Equivalent focal length for MFT lenses

Started Apr 12, 2013 | Discussions thread
KenBalbari
In reply to draleks, Apr 13, 2013

No, you will have very different depth of field in your example, plus the FF sensor will have less noise, better dynamic range, and likely better color depth. In addition, you don't really need to say "twice as soft" for the lens, as a 300mm lens will naturally have twice the power of a 600mm lens of equal quality.  If the glass is equal, the 600mm will be "twice as soft" so to speak, if you are comparing on a lp/mm basis.

But the best way to do equivalence is to realize that the apperture changes if you fix the f-stop and change the focal length.  This is because what the "f" in f/6.7 stands for is "focal length".  Those who deny this simply don't understand what an f-stop is. So if you change the focal length from 300mm to 600mm, in order to keep the aperture (and depth of field) the same, you need to also change f/6.7 to f/13.4.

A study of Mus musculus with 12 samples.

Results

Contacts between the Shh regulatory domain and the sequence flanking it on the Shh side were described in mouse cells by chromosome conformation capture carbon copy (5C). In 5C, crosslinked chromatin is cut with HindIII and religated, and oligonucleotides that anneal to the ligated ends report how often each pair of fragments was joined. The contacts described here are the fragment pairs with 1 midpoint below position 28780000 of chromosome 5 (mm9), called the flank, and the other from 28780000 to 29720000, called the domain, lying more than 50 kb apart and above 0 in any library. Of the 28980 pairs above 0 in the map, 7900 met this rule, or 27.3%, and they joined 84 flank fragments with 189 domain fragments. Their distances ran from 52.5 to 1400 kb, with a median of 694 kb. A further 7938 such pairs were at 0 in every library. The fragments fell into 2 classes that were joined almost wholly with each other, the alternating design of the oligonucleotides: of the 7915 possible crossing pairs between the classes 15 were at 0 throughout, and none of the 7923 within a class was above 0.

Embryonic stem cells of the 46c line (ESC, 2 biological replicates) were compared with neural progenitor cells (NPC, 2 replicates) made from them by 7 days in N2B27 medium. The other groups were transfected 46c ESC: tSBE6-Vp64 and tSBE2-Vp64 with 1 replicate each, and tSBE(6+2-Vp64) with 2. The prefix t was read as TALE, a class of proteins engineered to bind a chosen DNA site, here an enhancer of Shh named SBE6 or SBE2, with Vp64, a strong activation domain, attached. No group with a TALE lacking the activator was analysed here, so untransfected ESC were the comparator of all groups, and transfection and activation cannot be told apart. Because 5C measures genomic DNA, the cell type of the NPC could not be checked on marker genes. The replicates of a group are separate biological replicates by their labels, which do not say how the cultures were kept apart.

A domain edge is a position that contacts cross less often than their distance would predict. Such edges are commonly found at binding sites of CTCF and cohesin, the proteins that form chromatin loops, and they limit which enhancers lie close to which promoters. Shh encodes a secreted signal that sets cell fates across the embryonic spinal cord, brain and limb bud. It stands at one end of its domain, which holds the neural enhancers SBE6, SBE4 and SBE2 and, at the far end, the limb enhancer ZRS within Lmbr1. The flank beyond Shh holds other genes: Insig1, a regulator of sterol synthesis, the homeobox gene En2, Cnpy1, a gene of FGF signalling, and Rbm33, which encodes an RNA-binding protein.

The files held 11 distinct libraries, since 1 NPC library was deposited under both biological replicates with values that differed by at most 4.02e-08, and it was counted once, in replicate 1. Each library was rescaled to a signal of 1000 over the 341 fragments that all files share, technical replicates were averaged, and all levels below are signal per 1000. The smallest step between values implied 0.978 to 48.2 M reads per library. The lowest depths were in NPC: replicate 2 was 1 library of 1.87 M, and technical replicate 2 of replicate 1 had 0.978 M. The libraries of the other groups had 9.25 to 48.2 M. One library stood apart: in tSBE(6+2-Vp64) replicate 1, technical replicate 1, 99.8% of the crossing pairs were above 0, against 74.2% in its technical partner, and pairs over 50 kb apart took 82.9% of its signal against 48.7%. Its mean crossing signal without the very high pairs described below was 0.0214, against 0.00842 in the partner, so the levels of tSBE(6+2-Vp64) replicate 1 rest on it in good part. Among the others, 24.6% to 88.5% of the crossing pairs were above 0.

Now you have the same amount of total light, but it is being spread into 4 times the area on the 135 film format sensor. So the exposure is less.  To adjust for that, you need to increase the sensitivity 4 times (2 stops), so from ISO 200 to ISO 800 for example.

This will give you as near as you are going to get to an "equivalent" image. So a 300mm f/6.7 ISO 200 on mFT produces an image equivalent to a 600mm f/13.4 ISO 800 on 135 film format.

In reality, the 135 film sized sensor in this case will likely show at least a bit more noise (in practice, the noise difference in most cases at equal ISO currently seems to be closer to one stop than the 2 stops the difference in area implies).  On the other hand, as you get to f-stops below f2.8 on mFT, and especially below f2.0, aberrations become a problem which make it difficult to maintain equivalent sharpness, so in the real world "full frame" does maintain an advantage in many cases where narrow depth of field is desired.

It is much simpler, and more common however, to ignore depth of field, sensitivity, noise and exposure differences, and simply talk of equivalent "angle of view".  From that point of view, 300mm on mFT has an equivalent angle of view to 600mm on full 135 film format.  You don't need to mention the f-stop, if you don't want to worry about these other aspects.